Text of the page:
Lumber futures hold steady, metals PPI heat up, and construction inflation rebounds …

Overall, the Producer Price Index (PPI) for construction inputs, a broad measure of inflation in materials and services for construction, rebounded in January by 0.8% month-over-month after a quarter of declining growth and posted a 1% increase compared to the same period last year. While inflation may be striking a more moderate pose, construction costs remain elevated.  

LUMBER:  Steady and stable lumber prices in February, upheld by shy demand and ample supply, have seen lumber futures maintaining a steadfast level above $550 per thousand board feet. Despite the pervasive deflationary trend in lumber prices observed over the past year, signs of moderation are emerging, with the year-over-year decline narrowing to single-digit figures. January’s PPI for softwood lumber reported a 9% decrease compared to the same period the previous year.

The connection between homebuilding activity and the lumber market is influenced by homebuyer demand, a relationship susceptible to the sway of interest rates. Earlier this month, mortgage rates surged past 7%, driven by news of January’s inflation uptick, casting shadows over the prospect of a near-term rate cut. Consumer Price Index data, released earlier this month, came in higher than expected, sparking concerns about the possibility of the Federal Reserve keeping interest rates higher for longer.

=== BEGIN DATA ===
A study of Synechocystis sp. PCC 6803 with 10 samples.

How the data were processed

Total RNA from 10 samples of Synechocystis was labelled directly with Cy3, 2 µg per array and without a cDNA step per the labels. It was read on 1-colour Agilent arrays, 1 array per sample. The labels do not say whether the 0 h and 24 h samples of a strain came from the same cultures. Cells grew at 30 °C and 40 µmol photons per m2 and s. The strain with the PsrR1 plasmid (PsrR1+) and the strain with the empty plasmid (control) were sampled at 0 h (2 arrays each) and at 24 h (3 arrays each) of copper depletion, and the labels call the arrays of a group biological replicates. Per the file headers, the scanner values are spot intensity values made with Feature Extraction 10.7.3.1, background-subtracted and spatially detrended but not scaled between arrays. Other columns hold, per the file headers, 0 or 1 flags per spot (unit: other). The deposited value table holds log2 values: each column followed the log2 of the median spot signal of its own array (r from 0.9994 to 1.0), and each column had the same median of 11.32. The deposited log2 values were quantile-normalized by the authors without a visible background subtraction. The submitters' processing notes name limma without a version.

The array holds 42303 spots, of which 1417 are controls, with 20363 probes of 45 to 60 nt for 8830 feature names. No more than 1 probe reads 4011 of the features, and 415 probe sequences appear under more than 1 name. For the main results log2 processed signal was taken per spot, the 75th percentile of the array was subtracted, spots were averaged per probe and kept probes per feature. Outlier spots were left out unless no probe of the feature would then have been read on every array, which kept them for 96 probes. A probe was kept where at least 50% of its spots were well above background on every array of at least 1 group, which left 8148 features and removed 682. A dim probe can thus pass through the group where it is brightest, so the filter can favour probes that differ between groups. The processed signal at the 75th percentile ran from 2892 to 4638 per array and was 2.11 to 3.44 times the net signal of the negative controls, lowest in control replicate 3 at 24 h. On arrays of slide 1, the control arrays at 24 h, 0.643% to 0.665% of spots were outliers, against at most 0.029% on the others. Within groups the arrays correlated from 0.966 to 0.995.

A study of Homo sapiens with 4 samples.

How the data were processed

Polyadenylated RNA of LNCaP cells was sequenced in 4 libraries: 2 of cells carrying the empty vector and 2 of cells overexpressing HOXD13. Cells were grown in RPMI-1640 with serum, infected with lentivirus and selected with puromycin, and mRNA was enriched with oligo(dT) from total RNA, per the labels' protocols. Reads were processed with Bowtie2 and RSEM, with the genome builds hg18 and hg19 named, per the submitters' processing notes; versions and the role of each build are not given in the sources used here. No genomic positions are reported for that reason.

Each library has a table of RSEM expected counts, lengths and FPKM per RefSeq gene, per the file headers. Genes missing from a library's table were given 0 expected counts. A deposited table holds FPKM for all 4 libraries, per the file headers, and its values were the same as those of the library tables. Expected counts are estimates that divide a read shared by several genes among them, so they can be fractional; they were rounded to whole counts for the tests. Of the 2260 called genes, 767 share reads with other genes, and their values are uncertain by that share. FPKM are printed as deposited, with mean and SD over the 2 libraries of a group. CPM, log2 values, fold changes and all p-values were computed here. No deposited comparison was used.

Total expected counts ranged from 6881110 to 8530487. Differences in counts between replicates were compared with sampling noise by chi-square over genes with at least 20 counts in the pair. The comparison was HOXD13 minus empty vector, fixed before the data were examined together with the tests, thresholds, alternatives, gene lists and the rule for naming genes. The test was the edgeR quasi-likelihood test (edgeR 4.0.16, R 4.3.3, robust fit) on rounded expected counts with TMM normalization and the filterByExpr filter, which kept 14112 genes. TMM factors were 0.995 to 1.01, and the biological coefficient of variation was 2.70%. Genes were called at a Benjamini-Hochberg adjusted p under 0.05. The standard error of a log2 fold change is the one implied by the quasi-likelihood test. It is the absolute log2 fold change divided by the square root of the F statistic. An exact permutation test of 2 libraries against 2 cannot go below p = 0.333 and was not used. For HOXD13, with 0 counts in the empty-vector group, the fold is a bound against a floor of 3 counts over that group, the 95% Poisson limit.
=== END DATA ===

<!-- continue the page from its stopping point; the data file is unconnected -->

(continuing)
As the curtain rose on 2024, the housing starts narrative unfolded with less-than-rosy news. According to the Census Bureau’s January report, housing starts took a 14.8% dip from December, showing a slight 0.7% year-over-year decrease (seasonally adjusted). In the single-family category, construction starts encountered a modest hiccup with a 4.7% decline for the month but remained firm with a 22% year-over-year increase. In contrast, multifamily starts (five or more units) underwent a substantial contraction, declining by 36% for the month and 38% year-over-year. Permits, an indicator of future construction activity, painted a mural of mixed emotions, displaying a 1.5% dip in January but sporting an 8.6% year-over-year increase primarily driven by a notable 35.7% surge in the single-family category. With rate cuts anticipated sometime this year, these figures underscore a bullish outlook for homebuilding and lumber demand potentially pushing prices beyond current levels.

STEEL and others:  Breaking free from a streak of consecutive months with declining growth, PPI for steel mill products took a positive turn in December, sustaining its momentum into January with a notable 5.4% rise compared to the previous month. Year-over-year, PPI for steel mill products increased by 4.4%. Particularly striking is the PPI for cold rolled steel, which has surged by 35.5% compared to the same period last year. Other notable increases from a year ago include asphalt (at refinery) at +15.7%, cement at +8.2%, gravel and crushed stone at +8.1%, concrete product at +6.2%, and construction machinery and equipment at +4.5%. These sustained PPI growth trends indicate that prices for certain construction materials are likely to stay higher for longer.